THURSDAY, June 27, 2019 (HealthDay News) -- To the millions of parents who worry about the extra pounds their child might pile on while playing Xbox all day, rest easy.
A new study suggests that video game-loving kids aren't any heavier than those who aren't into the gaming scene.
Childhood obesity affects an estimated 13.7 million children and adolescents in the United States, according to the U.S. Centers for Disease Control and Prevention. But researchers from Germany challenge the notion that gaming is fueling the epidemic.
Excess weight gain in kids has a slew of causes: high-calorie, low-nutrient snacks and beverages, lack of physical activity, medication use, sleep routines and sedentary activities. However, the study found that video games can't be counted as one of those activities.
"Given our results, it is likely that the energy intake [food and drinks] and their energy expenditure [including non-sedentary activities] are not closely related to playing games," said researcher Markus Appel, from the University of Wurzburg.
Childhood obesity can lead to significant health problems like type 2 diabetes, asthma, sleep apnea and psychological stress. Obesity-related conditions are some of the leading causes of preventable, premature death.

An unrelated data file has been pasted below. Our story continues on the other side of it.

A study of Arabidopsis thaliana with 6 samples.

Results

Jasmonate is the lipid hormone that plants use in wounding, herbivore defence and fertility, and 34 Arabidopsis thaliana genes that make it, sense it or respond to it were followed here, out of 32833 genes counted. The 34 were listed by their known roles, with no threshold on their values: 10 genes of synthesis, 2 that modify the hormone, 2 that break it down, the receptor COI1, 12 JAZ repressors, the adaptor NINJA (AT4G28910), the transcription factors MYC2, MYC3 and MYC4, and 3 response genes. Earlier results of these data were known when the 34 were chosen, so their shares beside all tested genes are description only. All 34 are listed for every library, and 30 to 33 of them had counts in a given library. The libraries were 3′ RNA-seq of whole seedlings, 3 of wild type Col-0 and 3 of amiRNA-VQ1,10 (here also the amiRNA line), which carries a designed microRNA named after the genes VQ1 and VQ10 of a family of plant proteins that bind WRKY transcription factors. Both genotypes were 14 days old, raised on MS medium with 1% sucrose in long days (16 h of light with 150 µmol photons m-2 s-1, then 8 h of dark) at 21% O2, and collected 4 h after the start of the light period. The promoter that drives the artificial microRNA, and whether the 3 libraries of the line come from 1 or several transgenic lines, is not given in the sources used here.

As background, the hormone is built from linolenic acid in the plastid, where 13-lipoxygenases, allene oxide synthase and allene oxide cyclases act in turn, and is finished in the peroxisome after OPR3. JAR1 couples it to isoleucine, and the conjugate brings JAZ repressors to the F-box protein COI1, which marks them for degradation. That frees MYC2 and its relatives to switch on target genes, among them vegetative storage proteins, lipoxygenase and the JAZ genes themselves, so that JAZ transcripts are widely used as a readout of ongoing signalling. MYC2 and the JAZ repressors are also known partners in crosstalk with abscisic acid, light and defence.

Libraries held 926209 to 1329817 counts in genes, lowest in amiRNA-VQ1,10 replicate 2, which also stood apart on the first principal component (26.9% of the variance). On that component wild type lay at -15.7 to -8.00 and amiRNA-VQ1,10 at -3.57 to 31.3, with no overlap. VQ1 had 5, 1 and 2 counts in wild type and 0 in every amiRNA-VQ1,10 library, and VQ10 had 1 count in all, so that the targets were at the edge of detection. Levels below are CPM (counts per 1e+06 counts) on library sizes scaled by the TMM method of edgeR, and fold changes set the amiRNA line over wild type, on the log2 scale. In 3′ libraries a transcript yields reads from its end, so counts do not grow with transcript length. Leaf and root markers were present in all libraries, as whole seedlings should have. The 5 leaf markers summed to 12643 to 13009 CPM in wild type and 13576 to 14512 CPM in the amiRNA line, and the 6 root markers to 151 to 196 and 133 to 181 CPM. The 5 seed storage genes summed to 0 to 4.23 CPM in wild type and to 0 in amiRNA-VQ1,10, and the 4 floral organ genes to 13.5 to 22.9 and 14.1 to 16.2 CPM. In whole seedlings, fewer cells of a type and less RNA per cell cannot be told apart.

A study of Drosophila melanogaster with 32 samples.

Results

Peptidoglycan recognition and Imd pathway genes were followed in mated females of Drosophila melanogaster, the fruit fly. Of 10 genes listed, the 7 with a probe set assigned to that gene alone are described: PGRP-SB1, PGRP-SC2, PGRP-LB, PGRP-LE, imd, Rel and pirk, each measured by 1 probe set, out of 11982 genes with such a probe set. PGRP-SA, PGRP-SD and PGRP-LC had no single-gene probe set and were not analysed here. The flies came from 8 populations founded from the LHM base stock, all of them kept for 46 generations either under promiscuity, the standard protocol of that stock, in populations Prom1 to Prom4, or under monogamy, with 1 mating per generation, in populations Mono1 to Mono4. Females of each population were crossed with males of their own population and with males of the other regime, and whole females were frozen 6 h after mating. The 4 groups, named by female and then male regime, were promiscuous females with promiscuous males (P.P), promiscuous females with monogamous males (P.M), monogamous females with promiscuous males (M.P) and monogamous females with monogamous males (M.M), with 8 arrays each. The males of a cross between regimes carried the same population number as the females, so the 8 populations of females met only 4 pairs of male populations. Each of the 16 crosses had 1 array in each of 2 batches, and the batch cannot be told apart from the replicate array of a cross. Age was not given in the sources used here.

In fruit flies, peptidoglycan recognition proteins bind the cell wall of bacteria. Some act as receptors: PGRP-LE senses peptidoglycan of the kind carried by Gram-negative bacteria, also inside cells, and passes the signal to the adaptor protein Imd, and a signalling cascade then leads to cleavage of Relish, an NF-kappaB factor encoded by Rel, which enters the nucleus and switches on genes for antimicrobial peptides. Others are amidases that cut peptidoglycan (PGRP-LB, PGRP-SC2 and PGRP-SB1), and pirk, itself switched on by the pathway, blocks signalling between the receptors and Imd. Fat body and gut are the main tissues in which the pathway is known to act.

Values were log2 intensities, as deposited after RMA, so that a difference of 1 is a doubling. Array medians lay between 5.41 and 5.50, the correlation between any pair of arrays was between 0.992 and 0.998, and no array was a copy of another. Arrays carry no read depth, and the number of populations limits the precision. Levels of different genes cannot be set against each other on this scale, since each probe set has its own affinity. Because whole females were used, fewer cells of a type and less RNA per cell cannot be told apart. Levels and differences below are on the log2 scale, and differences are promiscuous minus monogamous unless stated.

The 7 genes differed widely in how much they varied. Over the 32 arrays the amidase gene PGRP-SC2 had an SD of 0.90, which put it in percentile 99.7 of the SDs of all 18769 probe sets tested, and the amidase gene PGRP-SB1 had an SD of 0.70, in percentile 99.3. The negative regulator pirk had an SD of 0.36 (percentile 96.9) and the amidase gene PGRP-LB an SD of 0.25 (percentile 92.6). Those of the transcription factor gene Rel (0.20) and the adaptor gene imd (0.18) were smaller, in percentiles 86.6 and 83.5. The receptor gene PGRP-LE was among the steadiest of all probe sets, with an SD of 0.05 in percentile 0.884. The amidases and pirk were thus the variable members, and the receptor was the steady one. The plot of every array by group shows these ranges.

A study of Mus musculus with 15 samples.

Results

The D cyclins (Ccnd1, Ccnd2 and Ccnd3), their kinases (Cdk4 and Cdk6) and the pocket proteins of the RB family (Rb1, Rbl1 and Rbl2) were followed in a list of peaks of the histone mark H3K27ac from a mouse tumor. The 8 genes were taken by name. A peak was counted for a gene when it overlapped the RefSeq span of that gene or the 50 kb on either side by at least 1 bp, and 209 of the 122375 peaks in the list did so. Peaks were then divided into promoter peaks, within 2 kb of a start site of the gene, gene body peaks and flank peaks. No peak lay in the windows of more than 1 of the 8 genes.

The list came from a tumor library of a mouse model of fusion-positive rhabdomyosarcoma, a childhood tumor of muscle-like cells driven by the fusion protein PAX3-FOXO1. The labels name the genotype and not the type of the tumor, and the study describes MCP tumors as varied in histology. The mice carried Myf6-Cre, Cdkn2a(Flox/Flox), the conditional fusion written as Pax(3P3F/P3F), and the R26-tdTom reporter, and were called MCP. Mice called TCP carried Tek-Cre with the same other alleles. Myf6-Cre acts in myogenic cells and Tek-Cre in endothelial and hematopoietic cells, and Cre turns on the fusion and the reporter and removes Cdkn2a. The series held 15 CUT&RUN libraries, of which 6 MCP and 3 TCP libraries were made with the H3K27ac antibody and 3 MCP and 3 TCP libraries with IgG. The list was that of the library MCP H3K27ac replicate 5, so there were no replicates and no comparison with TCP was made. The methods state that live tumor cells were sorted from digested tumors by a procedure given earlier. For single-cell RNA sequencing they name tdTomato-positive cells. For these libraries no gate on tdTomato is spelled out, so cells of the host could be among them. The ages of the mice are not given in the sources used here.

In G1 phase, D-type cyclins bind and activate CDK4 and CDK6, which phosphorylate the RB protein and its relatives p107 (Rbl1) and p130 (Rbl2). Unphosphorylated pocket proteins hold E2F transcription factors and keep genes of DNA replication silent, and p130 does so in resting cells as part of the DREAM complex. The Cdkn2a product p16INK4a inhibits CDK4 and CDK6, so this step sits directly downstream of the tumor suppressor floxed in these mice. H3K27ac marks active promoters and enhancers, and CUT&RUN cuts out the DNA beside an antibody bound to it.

Changing eating habits and activity levels are some of the best ways to prevent obesity. Jason Bruck, a nurse anesthetist at Mount Sinai West in New York City, shared some advice for parents.
"Make sure your children stay active," Bruck said. "Prepare meals ahead of time, provide healthy snacks. A lot of small details can influence your child's health."
The research, involving 20 studies with more than 38,000 participants, also revealed that the image of the overweight gamer lolling on the couch with a controller, potato chips and a bottle of soda may be more applicable to adults. Appel and his colleagues noticed a small correlation for video game playing and excess weight among adults.
A possible explanation for the correlation is indirect: Those who spend more time playing video games are likely to spend less time exercising, thus weighing more. The prevalence of adult obesity in the United States is a staggering 39.8%.
In the past, the relationship between video games and obesity has been studied. Other forms of sedentary media consumption, such as watching television, have shown a strong link to weight gain.
"TV use is more reliably related to body mass in kids and adolescents," Appel said.
He offered a reason for this link. "There are more ads for high-calorie food and drinks in TV than in games," Appel said.
The study was published online recently in the journal Social Science and Medicine.
The U.S. Centers for Disease Control and Prevention offers more on keeping kids at a healthy weight.